How can I calculate how much storage I need to store a full backup on all my sql databases

I am preparing to upgrade our ERP system, I have 491 databases to backup before I run the proccess.
Is there a way in SQL to see how much storage is required? We run all of our nightly backups offsite to DR, I am stopping thee backups the few days I am migrating as I would only need a local backup shoudl something not migrate over.

I am needing to know how much disk space I require for a FULL backup  so I may request a dedicated shared location to backup to.

Thank you

If your full database backup runs every week then you can know how much space was used in the last backup by running the following query:
USE msdb

SELECT SUM(backup_size/1024/1024) TotalBakSizeMB, SUM(compressed_backup_size/1024/1024) CompressedTotalBakSizeMB
FROM backupset
WHERE type='D'
 AND backup_finish_date=(SELECT MAX(backup_finish_date) 
						FROM backupset bak2
						WHERE bak2.database_name = backupset.database_name AND bak2.type='D')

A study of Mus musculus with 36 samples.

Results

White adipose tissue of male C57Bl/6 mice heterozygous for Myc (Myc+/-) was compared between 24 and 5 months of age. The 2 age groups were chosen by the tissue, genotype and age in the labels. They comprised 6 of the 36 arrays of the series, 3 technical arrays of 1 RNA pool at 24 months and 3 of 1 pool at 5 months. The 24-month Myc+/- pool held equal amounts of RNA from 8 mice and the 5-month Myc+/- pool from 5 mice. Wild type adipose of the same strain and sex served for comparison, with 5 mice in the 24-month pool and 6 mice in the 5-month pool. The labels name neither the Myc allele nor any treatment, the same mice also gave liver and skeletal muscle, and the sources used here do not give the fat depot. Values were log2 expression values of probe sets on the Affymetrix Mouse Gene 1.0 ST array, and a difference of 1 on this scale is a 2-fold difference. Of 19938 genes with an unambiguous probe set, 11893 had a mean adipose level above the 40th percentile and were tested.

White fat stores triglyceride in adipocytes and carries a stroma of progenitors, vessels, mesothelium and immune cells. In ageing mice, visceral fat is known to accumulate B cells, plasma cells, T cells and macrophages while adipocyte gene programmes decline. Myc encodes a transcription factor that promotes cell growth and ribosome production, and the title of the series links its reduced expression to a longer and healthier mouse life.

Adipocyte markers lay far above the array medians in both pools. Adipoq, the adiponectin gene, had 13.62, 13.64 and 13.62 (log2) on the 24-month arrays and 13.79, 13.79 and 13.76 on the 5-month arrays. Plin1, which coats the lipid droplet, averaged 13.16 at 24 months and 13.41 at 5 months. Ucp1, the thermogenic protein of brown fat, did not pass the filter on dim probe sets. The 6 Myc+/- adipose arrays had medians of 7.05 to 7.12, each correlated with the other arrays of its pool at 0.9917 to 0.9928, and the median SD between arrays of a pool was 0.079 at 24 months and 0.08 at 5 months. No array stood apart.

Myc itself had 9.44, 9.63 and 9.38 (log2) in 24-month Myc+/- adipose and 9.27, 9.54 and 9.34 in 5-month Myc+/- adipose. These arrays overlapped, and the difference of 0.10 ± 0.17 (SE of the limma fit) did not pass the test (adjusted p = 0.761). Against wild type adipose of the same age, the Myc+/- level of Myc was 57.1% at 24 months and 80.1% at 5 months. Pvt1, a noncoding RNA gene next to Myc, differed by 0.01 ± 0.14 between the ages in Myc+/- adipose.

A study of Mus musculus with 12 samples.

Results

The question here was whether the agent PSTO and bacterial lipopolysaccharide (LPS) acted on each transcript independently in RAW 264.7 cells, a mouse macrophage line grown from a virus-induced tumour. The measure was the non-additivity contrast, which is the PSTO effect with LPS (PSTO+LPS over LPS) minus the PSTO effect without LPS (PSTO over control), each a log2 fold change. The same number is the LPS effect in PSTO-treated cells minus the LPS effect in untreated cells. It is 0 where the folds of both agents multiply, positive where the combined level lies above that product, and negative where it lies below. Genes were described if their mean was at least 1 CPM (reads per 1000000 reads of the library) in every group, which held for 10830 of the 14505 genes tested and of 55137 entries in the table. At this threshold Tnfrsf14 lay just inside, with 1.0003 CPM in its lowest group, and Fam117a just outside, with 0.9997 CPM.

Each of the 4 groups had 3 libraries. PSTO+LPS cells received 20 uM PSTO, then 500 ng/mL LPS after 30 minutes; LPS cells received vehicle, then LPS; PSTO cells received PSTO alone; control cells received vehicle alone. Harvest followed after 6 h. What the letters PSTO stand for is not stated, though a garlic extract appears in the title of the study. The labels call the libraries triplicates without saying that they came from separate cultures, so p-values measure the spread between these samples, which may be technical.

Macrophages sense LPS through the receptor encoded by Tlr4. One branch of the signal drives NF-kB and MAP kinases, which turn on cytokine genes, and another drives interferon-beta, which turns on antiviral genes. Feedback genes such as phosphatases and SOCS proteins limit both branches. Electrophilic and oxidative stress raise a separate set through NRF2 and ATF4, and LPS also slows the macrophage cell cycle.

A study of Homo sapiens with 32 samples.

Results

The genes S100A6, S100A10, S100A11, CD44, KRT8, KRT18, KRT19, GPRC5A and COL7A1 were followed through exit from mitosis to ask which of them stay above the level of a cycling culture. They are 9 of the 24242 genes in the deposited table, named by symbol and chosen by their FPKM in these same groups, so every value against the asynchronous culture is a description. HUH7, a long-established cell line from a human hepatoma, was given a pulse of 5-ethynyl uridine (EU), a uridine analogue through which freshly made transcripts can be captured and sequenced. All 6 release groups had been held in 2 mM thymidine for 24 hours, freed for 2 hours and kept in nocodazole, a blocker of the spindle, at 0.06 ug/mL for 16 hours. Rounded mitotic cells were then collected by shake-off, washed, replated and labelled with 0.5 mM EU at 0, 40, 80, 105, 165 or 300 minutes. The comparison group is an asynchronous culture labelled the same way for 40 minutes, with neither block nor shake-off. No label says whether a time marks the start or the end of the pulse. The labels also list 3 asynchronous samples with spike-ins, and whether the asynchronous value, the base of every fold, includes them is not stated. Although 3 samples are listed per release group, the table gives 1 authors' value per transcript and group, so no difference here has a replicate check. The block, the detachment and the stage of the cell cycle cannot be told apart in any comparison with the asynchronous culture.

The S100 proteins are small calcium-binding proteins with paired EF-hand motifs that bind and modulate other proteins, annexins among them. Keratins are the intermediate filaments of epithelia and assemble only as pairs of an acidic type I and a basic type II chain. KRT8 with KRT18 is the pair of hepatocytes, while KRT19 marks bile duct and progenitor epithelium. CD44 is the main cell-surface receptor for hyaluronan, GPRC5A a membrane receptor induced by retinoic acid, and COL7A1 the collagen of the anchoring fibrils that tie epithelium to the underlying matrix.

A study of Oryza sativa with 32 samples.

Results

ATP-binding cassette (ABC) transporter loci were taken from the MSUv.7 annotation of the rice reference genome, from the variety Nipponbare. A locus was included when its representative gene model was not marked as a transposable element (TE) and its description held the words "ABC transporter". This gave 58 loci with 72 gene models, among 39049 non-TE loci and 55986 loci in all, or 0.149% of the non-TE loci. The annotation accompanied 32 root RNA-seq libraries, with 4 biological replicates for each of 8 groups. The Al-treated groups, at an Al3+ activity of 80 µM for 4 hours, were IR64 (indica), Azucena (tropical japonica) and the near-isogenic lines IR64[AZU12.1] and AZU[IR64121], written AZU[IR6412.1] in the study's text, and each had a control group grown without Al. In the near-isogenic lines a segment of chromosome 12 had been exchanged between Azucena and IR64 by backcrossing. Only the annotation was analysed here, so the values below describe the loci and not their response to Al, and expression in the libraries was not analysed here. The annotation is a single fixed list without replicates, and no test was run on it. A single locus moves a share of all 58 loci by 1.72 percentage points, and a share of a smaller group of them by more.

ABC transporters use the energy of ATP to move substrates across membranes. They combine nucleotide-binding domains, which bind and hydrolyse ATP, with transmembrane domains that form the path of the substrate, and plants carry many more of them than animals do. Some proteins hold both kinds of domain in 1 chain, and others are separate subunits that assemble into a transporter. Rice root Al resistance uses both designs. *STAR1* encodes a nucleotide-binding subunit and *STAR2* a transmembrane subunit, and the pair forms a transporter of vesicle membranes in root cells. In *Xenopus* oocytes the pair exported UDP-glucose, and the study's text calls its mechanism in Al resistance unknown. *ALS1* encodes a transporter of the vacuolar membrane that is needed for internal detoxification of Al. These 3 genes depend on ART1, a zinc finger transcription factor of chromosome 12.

Vitor MontalvãoMSSQL Senior EngineerCommented:
All databases are in the same instance?
What is the frequency of the Full Backups?
Carl TawnSystems and Integration DeveloperCommented:
Assuming you're not using compression then a full backup of a database will be the same size as the size of the allocated extents within the datafiles for each database.

You can use sp_spaceused to view details of the size being used.
manelson05Author Commented:
All databases are in the same instance, anyway to select all databases.
Databases are uncompressed, we back up every eight hours.
Scott PletcherSenior DBACommented:
You do a full backup every 8 hours for 491 databases?  Hmm, I'd re-think that strategy.  At the very least you could mix in some differential backups.

>> then a full backup of a database will be the same size as the size of the allocated extents within the datafiles for each database <<

That is not true.  The backup will be smaller since it will not contain control info nor free space from the SQL blocks.